Robert Ciccone - Marketing Expert Columnist

Every day, you are exposed to some 1,600 advertising messages – of all sorts, in all media. That’s the equivalent of viewing over 13 solid hours of 30-second TV commercials! The bad news for the advertisers who pay for them is that you pay attention only to 10 or 12 of those messages.

In addition, the media bombard us with mostly bad news, including product recalls, ads making over-the-top, unbelievable claims and too-good-to-be-true offers, plus outright consumer frauds.

Phew! No wonder the big question in all our minds is: “Who can we trust?” How can we be sure the product or service will be as advertised; how can we avoid being made to feel foolish or getting stuck with a lemon that can’t be serviced?

No doubt – we are in the age of skepticism. Therefore the question you must answer when creating your marketing and advertising messages is: How can you eliminate the fear of failure or fear of making a buying mistake? You must prove your case. You must develop credibility.

So how do you do this?

One way is through the proper use of testimonials. Testimonials answer the questions: “Who says so besides you? Who else buys it?”

In Influence: The Psychology of Persuasion, Robert Cialdini calls this “social proof.” He notes that people are strongly affected by the choices made by others they consider to be like themselves. Just look at the Facebook phenomenon, in which people are asked to tag items they like, or eBay, which offers buyers the opportunity to rate individual sellers. When my wife planned our family vacation, she spent hours on a site called TripAdvisor sifting through countless hotel and resort reviews.
I’ve also heard it said this way: “When you make a statement, it’s a claim. When a satisfied client makes the same statement, it’s a fact.”

Testimonials can take many forms – letters or videos from happy clients; referrals directly from a client to a prospect; lists of companies or industries that buy from you; images of your product in use; before-and-after photos. All of those help you build and consolidate your credibility and help you prove your case.

In my experience, testimonials not only break through the clutter and reduce anxiety about buying, but, done properly, are especially effective at answering objections in advance. As well, testimonials help overcome the resistance that arises immediately before the sale – the point at which most sales are lost.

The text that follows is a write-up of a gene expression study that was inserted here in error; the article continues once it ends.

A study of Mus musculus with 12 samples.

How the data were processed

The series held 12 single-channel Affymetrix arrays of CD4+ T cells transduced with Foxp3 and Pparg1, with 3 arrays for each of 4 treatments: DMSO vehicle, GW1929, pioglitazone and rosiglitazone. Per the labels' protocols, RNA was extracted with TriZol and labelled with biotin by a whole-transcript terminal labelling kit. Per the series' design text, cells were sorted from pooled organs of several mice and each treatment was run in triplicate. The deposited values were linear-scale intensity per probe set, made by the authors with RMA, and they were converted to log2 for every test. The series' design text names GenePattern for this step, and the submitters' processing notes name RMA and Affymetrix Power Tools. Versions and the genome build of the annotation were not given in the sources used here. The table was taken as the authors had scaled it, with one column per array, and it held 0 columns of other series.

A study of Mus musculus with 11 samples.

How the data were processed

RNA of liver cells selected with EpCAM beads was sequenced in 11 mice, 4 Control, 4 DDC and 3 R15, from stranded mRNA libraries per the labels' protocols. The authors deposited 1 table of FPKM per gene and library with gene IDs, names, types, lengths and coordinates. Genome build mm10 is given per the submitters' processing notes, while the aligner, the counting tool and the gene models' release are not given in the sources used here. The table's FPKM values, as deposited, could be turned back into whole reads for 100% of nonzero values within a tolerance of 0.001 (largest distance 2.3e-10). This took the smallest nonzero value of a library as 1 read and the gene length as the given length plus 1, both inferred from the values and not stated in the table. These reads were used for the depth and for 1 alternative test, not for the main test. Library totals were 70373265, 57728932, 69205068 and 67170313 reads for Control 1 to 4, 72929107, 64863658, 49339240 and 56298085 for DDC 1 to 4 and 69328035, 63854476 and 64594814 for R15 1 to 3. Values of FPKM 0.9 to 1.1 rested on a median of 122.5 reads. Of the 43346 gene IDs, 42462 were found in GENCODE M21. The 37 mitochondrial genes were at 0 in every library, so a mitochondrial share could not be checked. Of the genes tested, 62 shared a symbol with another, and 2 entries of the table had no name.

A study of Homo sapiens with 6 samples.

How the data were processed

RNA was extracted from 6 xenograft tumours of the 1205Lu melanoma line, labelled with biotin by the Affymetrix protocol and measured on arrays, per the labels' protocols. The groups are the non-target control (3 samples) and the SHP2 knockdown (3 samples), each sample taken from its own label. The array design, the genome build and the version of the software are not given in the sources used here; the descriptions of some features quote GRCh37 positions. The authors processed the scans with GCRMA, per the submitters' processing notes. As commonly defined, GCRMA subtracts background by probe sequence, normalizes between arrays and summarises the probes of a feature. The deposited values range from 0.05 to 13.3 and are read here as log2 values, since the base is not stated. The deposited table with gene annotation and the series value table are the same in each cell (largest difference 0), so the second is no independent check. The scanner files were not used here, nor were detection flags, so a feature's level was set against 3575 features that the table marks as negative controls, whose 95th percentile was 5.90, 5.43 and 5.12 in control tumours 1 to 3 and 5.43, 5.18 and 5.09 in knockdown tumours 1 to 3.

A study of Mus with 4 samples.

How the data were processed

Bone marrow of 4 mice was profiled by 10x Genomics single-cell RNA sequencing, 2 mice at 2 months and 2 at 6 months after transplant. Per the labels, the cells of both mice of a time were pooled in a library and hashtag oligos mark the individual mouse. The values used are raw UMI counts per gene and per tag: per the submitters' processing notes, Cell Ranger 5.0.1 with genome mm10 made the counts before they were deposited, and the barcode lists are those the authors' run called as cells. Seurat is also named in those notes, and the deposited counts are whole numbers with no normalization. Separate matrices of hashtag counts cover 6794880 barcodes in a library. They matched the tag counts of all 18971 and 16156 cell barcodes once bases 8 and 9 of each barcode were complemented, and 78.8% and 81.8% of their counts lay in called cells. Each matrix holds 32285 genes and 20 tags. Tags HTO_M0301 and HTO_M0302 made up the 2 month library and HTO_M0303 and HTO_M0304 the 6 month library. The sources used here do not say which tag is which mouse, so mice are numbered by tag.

What is a good testimonial?

A good testimonial paints a before-and-after picture. Before I found (your product or service), I was fat … lonely … poor … unhappy … frustrated. Now I’m the opposite – fit … happy … lean … wealthy … popular.

Good testimonials should contain specific details. You should avoid using what I call soft testimonials, which lack specifics and effectively say nothing:

“Thanks for all your help; we are very happy with our new widget equipment.”

Good testimonials – I call them hard testimonials – give you plenty of details:

“I thought the price was too high, but after a year of lower maintenance costs, I realized the overall cost was actually 20 percent lower than last year. Thanks for helping me!”

That is much more powerful.

Getting good testimonials is not difficult, but does take thought and effort. Here it is in three easy steps:

1. Think through every selling feature, fact, fear or question your prospect might have.

2. Identify a happy client whose happy experience could apply to one or more of the above points.

3. Simply ask. Usually the best time is when you know your client is completely satisfied with your work, product or service. Tell them you have a favour to ask, explain what you are trying to do, and work with them to help document their wonderful experience.

Try to get people to allow you to list their full name, approximate address, and credentials to give their testimonials even more credibility. Also, get permission to use their comments in your materials.

Robert Ciccone is the president and founder of Success Unlimited Sales and Marketing Group (www.susmg.com). He is also the creator of the Marketing for Profit Program, a three-part results program that provides the marketing systems, tools and ongoing support to help participants effectively build, manage and operate a profitable business (www.susmg.com/MarketingForProfit). Robert can be reached at 604-535-2111 or rob@susmg.com.